When I moved to Bangkok seven years ago, John lived down the hall in my building, a grim collection of one-room studio apartments with water-stained walls surrounding a small central courtyard and a tiny pool. I would run into him in the complex's dilapidated gym; he would be loading weights onto a rusting bar as I tried to fix the tread on the aging exercise bike. I was lonely in Bangkok, living alone for the first time in my life--in a foreign city where I could barely speak the language. I hadn't been homesick since my first year of summer camp, but now I sometimes cried at night. So, when John made conversation at the gym, I glommed on, desperately trying to keep our small talk going.

Until I saw John's girlfriend, that is. One evening, I noticed John with his arm around a small Thai woman. He walked upstairs and I trailed behind, recovering from my workout. As he turned to enter his apartment, I glimpsed his lady's face--the face of a preteen girl.

I remembered John, unhappily, this weekend, as news broke that the alleged killer of JonBenét Ramsey, a man named John Mark Karr, had surfaced in the Thai capital. Karr apparently had been teaching English at elite schools in Thailand and living out of a hotel. After Karr was arrested, some Thais and many foreign reporters seemed shocked that the supposed killer had turned up so far away from Colorado, in a place no one would have thought to look--perhaps why it had taken ten years for police to track him down.

Sadly, Bangkok should have been one of the first places they looked. Political scientists often blame failed states like Afghanistan or Somalia for breeding terrorism and crime. But, in actuality, criminals prefer semi-failed states or cities, where you can live a good life without worrying too much about arrest. After all, who wants to live in Kabul or Mogadishu? No, Bangkok's combination of comfortable lifestyle, sophisticated financial institutions, endemic child poverty, and lax legal system make it perfect for fugitives, sex offenders, terrorists, and other deviants.

Karr, who had faced child porn charges in California in 2001, was hardly the first. Less than a week before Karr's arrest, an infamous Australian pedophile emerged in Thailand, after being accused of sexual offenses against dozens of Australian kids. And, when I worked in Bangkok in 2000, a similar story erupted after Eric Rosser, a pianist at one of the city's fanciest hotels, admitted to local reporters after his arrest in February, "I am a pedophile. ... [N]ormal sex play of children was an obsession with me." Rosser, who also ran a music school for children in Thailand, was charged as a co-conspirator in a child porn ring back in Indiana the following month and made the FBI's Ten Most Wanted Fugitives list for his child sex crimes that year after jumping bail in Thailand.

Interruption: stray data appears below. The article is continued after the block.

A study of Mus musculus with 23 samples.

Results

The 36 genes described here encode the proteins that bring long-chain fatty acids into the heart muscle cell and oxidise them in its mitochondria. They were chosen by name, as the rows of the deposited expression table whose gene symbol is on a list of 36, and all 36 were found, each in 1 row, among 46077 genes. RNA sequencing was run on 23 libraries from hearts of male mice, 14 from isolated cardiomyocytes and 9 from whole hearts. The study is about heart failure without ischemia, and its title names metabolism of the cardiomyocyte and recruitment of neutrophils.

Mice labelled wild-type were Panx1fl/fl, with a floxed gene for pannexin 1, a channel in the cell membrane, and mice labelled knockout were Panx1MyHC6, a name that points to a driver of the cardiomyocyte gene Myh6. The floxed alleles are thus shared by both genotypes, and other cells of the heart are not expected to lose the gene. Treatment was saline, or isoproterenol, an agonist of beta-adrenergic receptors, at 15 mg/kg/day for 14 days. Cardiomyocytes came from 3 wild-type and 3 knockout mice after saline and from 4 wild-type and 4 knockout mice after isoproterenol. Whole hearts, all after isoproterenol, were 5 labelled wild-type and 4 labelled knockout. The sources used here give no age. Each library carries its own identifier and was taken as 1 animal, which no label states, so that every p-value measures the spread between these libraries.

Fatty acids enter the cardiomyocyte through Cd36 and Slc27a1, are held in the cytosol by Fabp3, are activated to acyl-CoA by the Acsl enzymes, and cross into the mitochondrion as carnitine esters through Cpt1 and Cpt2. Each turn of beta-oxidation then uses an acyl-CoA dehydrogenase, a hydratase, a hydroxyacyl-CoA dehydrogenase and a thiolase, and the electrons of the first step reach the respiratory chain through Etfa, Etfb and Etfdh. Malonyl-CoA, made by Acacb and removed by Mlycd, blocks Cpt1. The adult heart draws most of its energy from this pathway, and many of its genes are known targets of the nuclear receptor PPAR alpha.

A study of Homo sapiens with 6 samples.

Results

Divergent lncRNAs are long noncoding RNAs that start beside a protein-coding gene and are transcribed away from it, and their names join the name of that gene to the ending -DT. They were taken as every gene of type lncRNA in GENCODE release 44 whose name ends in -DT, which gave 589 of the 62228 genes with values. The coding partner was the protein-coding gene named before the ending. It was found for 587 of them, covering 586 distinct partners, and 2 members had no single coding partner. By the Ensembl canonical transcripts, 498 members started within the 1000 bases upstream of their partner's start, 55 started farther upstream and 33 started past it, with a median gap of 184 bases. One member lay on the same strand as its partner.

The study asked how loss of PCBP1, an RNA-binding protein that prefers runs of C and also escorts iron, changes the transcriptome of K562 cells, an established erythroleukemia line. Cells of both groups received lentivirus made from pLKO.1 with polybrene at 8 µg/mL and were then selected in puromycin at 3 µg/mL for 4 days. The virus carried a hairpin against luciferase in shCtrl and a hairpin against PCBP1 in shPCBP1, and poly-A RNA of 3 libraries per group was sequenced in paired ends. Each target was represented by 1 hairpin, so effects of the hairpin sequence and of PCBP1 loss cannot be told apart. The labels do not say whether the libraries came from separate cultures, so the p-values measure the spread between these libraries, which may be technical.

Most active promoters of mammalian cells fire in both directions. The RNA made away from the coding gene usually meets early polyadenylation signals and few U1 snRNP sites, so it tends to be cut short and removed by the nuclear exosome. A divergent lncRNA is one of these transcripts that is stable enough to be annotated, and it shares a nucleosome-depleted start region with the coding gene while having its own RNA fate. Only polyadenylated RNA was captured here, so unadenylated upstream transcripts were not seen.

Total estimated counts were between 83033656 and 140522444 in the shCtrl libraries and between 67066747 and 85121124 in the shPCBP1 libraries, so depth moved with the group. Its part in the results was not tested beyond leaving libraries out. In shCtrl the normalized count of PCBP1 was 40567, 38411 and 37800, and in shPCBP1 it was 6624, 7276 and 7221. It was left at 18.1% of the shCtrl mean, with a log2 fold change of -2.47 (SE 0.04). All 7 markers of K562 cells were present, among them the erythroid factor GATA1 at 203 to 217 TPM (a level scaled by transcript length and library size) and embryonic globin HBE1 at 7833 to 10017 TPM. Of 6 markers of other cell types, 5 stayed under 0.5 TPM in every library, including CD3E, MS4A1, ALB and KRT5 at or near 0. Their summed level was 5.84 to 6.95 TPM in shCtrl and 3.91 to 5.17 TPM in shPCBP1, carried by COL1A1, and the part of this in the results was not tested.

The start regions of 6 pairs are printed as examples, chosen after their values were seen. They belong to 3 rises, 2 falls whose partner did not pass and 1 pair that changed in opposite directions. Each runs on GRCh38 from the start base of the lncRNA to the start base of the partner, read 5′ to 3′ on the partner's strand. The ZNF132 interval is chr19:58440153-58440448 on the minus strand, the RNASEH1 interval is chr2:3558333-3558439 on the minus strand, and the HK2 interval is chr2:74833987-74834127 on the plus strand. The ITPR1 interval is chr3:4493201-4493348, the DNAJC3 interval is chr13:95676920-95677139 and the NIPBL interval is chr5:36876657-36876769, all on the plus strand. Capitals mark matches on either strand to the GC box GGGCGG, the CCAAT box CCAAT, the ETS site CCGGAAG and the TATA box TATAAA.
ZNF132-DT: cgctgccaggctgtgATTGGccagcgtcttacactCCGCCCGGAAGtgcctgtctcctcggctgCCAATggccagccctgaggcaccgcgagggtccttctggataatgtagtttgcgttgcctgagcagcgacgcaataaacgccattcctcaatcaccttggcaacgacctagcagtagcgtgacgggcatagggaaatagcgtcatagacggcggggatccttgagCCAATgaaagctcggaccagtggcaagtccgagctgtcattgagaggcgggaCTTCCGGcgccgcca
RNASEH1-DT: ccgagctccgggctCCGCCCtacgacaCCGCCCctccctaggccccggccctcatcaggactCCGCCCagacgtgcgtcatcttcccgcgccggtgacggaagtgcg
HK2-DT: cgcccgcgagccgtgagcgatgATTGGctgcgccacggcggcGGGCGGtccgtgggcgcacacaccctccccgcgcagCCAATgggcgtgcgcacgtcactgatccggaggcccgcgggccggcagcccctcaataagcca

And it's not hard to find men like Rosser and Karr in Bangkok. According to one study, Thailand's sex industry produces revenue of some $1.5 billion per year, and several nongovernmental organizations estimate that there are over 200,000 children in the Thai sex industry. Pedophile groups have set up hundreds of websites focusing on Thai children, and face, a leading Bangkok NGO, believes that at least 5,000 foreigners come to Thailand every year just to have sex with kids.

I knew the hotel district where Karr lived well; it was located near one of Bangkok's red-light districts. Friends and I used to frequent a (non-sex) dive bar in the area famous for its collection of old rock and jazz records and videos. When we'd stumble out after too many glasses of Singha, we'd walk by crowds of sixtysomething men leading preteen boys and girls by the hand in the street, often taking them back to the Malaysia Hotel, a seedy joint full of child prostitutes and drug dealers.

Sometimes, the sixtysomethings would take their victims to nearby Pattaya, a sleazy beach resort two hours from Bangkok where street urchins wander the town, selling flower garlands and offering sex for two or three dollars. There, the foreign men would blend into the crowds of pedophiles. Unlike other neighboring countries--such as Cambodia, which also has a serious child prostitution problem, but where the number of resident foreigners is so small that pedophiles stand out more--Thailand has so many foreign residents that local police could never track all the law-breakers.

Though Thailand has tried to crack down on child sex and other crimes by foreigners, even when the Thai police do make an arrest, they often cannot hold onto their man. In 2003 alone, Thai authorities fired 18 cops for their complicity in trafficking, and police often take cuts from brothels. A few months after Rosser was arrested, I wound up tracking another story. An Indian man named Chhota Rajan, alleged to be a major mafia leader in Bombay, had somehow escaped from a Bangkok hospital by climbing out the window on a rope, even though he was under police guard.

Little wonder, then, that the United States has passed a law making it easier to prosecute pedophiles in the United States, rather rely on Thailand's legal system. Now, Karr is back in the States, ten years too late.

Joshua Kurlantzick is a special correspondent for The New Republic.